SAP and Microsoft results illustrate the difference between leading and lagging in the Future Economy


SAP and Microsoft both announced quarterly results this week. SAP’s results were largely down across the board—overall revenue, operating profit and even cloud. Its forecast was also revised downward. The German giant’s shares fell significantly since the announcement as a result.

Meanwhile, Microsoft’s growth continued on the back of Azure and its commercial cloud business as it once again beat estimates. Quarterly revenue was up 12%, operating income increased 25% and net income increased 30%.



The two technology giants could have both been well-positioned to reap the rewards of the great digital acceleration. But their trajectories couldn’t be more different as only one, Microsoft, is riding the wave.

The prime reason is simple. SAP’s business is still transitioning away from traditional IT infrastructure and fighting to catch up in the cloud game while Microsoft is an undisputed leader. Microsoft’s customers are rapidly transitioning to Azure and expanding their presence there, while many of SAP’s customers appear hesitant to migrate to the German company’s cloud offering which is still being developed.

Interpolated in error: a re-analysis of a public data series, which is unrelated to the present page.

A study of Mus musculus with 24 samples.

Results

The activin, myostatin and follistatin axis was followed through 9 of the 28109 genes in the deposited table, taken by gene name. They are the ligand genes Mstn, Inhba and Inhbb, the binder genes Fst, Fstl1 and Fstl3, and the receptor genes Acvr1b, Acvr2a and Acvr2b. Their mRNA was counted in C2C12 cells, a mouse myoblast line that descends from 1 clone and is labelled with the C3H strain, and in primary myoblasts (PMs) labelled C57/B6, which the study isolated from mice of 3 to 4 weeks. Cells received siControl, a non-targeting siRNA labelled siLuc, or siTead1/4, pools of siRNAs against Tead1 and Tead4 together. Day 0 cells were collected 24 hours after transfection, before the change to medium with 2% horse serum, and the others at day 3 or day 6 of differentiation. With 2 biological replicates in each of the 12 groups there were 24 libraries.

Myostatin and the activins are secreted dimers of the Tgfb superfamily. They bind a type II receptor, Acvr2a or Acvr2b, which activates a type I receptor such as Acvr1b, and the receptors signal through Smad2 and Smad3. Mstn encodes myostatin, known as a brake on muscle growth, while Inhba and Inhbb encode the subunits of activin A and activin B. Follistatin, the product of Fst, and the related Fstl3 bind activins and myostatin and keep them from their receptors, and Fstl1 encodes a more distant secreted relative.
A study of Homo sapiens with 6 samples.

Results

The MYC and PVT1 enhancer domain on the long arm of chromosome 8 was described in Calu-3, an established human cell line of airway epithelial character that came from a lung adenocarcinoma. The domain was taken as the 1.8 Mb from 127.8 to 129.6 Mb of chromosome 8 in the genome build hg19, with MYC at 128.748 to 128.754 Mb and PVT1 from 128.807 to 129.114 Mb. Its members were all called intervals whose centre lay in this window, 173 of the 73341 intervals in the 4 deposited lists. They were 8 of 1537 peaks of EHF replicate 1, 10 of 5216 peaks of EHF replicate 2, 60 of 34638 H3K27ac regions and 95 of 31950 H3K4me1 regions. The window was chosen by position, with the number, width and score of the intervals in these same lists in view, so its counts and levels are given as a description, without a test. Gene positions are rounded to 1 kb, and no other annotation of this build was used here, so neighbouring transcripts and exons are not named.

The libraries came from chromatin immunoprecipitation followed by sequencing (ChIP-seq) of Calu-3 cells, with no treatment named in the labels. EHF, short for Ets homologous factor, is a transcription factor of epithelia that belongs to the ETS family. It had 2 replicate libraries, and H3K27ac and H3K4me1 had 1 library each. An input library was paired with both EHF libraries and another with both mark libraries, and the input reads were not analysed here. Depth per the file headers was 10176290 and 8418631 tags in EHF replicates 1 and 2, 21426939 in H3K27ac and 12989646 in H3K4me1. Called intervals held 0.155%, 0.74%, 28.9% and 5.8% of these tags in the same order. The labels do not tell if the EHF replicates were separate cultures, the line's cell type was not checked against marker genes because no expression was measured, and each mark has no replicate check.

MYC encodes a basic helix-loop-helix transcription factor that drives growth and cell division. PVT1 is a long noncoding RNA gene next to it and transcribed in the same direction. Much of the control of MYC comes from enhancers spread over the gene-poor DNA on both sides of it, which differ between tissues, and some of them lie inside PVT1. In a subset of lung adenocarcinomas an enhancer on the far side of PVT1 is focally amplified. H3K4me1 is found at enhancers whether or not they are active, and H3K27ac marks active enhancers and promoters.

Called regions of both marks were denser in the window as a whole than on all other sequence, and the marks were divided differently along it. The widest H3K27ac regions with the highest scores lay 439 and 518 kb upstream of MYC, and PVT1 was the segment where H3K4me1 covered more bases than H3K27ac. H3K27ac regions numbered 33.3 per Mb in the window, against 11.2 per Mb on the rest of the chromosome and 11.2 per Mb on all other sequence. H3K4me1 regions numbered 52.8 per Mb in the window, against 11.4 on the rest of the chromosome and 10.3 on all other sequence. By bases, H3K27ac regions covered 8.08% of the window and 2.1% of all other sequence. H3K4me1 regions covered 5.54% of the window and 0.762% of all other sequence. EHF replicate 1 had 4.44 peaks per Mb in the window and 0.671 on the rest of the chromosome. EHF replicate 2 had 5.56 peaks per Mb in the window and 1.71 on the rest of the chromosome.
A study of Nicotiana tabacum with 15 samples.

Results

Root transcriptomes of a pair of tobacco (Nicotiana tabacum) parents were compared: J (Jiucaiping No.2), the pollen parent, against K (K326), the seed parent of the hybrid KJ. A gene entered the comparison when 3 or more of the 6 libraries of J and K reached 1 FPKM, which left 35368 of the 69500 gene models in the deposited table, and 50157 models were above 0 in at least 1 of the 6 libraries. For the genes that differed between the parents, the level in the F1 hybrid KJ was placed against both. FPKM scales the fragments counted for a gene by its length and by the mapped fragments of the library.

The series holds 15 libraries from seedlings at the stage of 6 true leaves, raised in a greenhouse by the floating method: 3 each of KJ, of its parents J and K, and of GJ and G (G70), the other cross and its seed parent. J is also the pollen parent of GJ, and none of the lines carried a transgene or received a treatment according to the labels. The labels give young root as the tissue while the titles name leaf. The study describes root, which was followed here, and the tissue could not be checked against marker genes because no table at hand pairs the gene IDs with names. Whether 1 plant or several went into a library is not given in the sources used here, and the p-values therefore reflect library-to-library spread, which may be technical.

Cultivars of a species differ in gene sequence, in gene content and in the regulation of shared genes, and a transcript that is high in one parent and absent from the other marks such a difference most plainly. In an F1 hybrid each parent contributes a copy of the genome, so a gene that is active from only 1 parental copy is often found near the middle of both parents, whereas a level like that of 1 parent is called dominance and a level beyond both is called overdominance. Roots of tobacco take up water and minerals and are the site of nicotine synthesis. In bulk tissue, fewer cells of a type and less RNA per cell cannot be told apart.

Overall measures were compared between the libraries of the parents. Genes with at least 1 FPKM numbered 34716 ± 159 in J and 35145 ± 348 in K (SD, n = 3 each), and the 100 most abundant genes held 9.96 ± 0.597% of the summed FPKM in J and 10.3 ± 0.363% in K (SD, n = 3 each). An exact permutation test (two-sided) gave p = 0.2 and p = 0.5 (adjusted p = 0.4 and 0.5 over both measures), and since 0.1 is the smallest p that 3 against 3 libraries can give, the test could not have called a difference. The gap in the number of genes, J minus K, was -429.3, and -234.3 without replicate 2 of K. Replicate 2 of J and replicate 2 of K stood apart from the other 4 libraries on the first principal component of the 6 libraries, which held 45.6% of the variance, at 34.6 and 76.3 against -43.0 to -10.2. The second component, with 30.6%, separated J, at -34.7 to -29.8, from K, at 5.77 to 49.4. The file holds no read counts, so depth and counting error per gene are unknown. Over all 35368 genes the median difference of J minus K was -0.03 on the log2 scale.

The Conclusion: Good digital transformation is a difference maker now more than ever. And as we have highlighted before, leading on cloud and digital transformation is not just a ‘technology company’ issue, but a universal one. Home Depot has demonstrated this as a retailer. And an industrial player like Cyberhedge 5-Star-rated Ferguson continues to prove that a well-managed digital transformation pays dividends in both market outperformance and financials. Ferguson’s year-end results in July showed that it weathered the downturn better than most industrial and broader-based European and UK peers, and its share price is in a stronger position than at any point in the past five years. As we predicted in May, strong cyber governance and a well-executed digital strategy has positioned Ferguson to take advantage of the market recovery better than worse-rated peers.

SAP and Microsoft tell a very clear cloud story, but the broader ‘good versus bad’ digital transformation story is playing out across every sector in every major market globally.